India and Pakistan have locked their horns yet again. Recalling the horrors of war, Chief Justice of India T S Thakur while speaking at a function where he presented the 17th Lal Bahadur Shastri National Award to diplomat and author Gopalkrishna Gandhi, called it a very “unnerving experience.”
In 1965, when he was a boy in a Jammu town, Justice Thakur recalled: “After 18-20 days of fighting, a gentleman, Colonel Roop Singh, who used to bring the spoils of war from Pakistan, took us to the territories we had occupied. That is when I got to see the graveyards of war. Bodies had been buried just on the surface, with a layer of soil over them, because nobody had time to dig proper graves. I saw feet in Army shoes being eaten by dogs.”
CJI added, “It is a very, very unnerving experience… There were all types of rumours floating around — of Pakistani paratroopers coming and killing Indians. The city became desolate because people started fleeing. Only two shops did good business — a trunk-repair shop where people took their old trunks for repair so that they could lock away their valuables before leaving, and the other was a poultry shop because whoever remained behind thought they might as well have something good to eat,” he said.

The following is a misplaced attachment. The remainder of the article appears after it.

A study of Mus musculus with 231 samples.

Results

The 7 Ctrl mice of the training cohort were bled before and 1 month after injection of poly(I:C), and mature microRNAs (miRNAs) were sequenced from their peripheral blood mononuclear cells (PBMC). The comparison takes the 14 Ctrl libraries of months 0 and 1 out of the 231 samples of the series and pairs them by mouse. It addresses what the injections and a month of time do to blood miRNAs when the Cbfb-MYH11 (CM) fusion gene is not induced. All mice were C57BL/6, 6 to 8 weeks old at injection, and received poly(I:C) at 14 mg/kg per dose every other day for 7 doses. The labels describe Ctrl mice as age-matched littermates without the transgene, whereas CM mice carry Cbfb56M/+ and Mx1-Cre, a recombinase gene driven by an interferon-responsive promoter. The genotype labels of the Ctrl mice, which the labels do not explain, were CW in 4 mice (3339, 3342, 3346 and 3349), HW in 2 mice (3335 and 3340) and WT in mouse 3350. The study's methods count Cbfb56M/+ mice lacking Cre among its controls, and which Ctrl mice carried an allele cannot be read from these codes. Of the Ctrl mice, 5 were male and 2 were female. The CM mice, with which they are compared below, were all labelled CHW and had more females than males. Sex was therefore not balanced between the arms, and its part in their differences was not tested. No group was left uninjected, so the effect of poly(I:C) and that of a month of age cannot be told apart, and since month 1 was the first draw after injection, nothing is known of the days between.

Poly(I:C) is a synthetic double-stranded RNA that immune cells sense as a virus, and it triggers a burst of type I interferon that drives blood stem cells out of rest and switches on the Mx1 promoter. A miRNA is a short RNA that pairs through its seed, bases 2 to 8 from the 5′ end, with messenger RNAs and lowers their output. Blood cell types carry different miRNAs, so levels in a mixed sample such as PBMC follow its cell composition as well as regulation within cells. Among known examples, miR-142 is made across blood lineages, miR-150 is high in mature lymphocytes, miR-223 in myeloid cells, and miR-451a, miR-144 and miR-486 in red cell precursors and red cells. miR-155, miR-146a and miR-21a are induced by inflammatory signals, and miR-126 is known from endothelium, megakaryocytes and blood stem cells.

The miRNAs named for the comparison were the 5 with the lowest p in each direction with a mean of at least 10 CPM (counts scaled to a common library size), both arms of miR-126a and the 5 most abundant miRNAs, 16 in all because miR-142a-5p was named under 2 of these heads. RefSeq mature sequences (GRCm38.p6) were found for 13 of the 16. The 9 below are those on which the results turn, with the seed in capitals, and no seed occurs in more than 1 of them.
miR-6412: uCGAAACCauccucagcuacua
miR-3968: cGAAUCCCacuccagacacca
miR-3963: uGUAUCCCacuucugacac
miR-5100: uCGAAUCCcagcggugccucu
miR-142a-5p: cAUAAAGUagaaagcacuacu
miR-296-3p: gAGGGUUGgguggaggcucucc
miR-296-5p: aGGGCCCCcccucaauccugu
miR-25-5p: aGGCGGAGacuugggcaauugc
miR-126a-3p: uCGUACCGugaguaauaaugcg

Thakur said that many in the audience, including the students of Lal Bahadur Shastri Institute of Management had never seen war.
“Even lighting a lamp or a cigarette after sundown would be a problem. Neighbours would protest since any light seen from above could make one a target of the enemy.”
Meanwhile, Gopalkrishna Gandhi in his speech talked about all that had gone wrong with politics and politicians to highlight the fact that Shastri belonged to an era when politics in its present form would have been unrecognisable.
“Would Shastri recognise Indian politics now? He would not. He was the very antithesis of Indian politics as we know it today. Earlier, you needed to know India to be in Indian politics. Now, you need to know politics,” said Gandhi.